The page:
From cannabis to carburetor

U of T prof makes autoparts from hemp

Amid the clutter of textbooks‚ journals‚ papers and reams of notes in the office of Dr. Mohini Sain sit a car door‚ a bus seat‚ an instrument panel‚ a deck plank‚ and a car bumper—all of them made from hemp.

Dr. Sain is a professor in U of T’s Faculty of Forestry and the Department of Chemical Engineering and Applied Chemistry‚ and has conceived of more things to do with hemp than you can think of to do with the strongest (mechanically speaking) of hemp plants‚ cannabis. “We look at the potential for hemp in automotive parts‚ sports apparel‚ the furniture industry‚ aeronautics‚ and the medical industry‚” Dr. Sain said. You can make skis‚ dashboards‚ bumpers‚ I beams‚ cross ties for railroad tracks‚ canoes‚ tennis rackets‚ basketball stands‚ car door panels‚ roof shingles and a myriad of other things from the materials that he and his collaborators have developed. And hopefully‚ in the very near future‚ we will be able to make biomedical supplies‚ like bloodbags‚ and even airplane parts from hemp.

“Our direction is to move away from fossil fuel based synthetics to more natural alternatives‚” said Dr. Sain.

How does he manage to turn fluffy green cannabis plants into car siding capable of withstanding a full–on impact? A long chemical process allows Dr. Sain to extract long‚ thin strands of pure starch‚ or cellulose (a long chain of sugars) from hemp. In the plant‚ many of these strands put together make a hemp fiber. By first isolating individual strands and then reassembling them back into fibers‚ chemists make fibers with as few defects as possible‚ making them much stronger. They can also control the length and diameter of the strands—the longer and thinner the strand‚ the stronger it is.

By enmeshing hemp fibers into a matrix of glue‚ Dr. Sain has been able to create plastics almost identical to conventional plastics (save for their brown colour). The glue could be synthetic‚ or it could be natural—there are already many bioplastics made from soy or corn being used. Dr. Sain is particularly interested in producing construction materials from a glue of wood resin interwoven with hemp fibers. The wood resin could easily come from leaf litter and forest floor debris‚ he said. Fewer trees would have to be cut down than are needed to support our current construction business.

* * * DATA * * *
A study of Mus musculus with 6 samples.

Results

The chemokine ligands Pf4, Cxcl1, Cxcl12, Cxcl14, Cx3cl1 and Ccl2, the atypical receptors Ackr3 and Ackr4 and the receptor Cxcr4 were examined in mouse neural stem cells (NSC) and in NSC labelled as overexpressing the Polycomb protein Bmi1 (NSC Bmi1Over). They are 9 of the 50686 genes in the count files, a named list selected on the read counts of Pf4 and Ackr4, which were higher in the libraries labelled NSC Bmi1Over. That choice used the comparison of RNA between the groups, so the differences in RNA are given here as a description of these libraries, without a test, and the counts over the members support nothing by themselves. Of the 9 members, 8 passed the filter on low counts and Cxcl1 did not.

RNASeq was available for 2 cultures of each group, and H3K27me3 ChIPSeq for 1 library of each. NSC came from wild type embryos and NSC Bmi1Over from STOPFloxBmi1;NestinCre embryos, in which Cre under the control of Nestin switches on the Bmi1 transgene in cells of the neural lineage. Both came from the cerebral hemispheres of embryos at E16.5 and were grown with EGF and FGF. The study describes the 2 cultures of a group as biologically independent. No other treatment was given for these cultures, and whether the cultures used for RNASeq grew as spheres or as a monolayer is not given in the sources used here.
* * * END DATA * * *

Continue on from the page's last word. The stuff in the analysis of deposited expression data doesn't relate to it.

The technology is not entirely new—for years Dr. Sain and many other scientists have been making biomaterials‚ or industrial materials made from natural products. You may even have already ridden in a car made with hemp parts. Dr. Sain’s fiberglass–like hemp material has been used in car door siding for two years now. Transit seats made from 100 per cent hemp with a polyester glue are already in widespread use. “The first generation of biomaterials has already been in use for several years. For example‚ in the construction industry‚ if you go to places like Home Hardware‚ you can find decking materials made from synthetic plastics combined with wood fibers or rice husks‚” said Dr. Sain.

Dr. Sain is working towards improving the strength and durability of these materials‚ and devising even more ways of using hemp commercially. He hopes that he will be able to create steel interfused with hemp. Weaving hemp fibers into steel makes the metal stronger‚ which would allow auto manufacturers to lower the thickness of the steel they use. Not only would this mean using less steel‚ but it would also mean making a much lighter car that would use far less fuel‚ costing less for everyone and creating less pollution. Win–win.

With such a development you could literally build a car from the inside out with hemp–the steel frame and body‚ hubcaps‚ bumpers‚ instrument panel‚ seats‚ and seat coverings all could be made with hemp.

Dr. Sain is also optimistic that within a few years we will have blood bags and other biomedical supplies made from hemp. Syringes and gloves and other medical gear‚ by and large‚ cannot be reused‚ but ones made from hemp would be 100% biodegradable. He and his associates will first have to ensure however that these biodegradable materials will be safe for human use. No matter how fond you are of environmentally friendly alternatives‚ an IV bag that slowly disintegrates into your drip and your veins is not a pleasant thought.

Hemp alternatives not only make environmental sense‚ says Dr. Sain‚ they make economic sense. “We look to make environmentally and economically sustainable materials.” By creating industrial products with hemp‚ “you can bring some of this value back to the farmers who grow the plants‚ and then you can develop some small industries and employ some people to make these materials. You not only give added value to the farmers‚ you also get additional employment.

“This is a public issue. That’s why we are scientists—we are interested in accepting the challenges and finding solutions. We meet the concerns of the public.”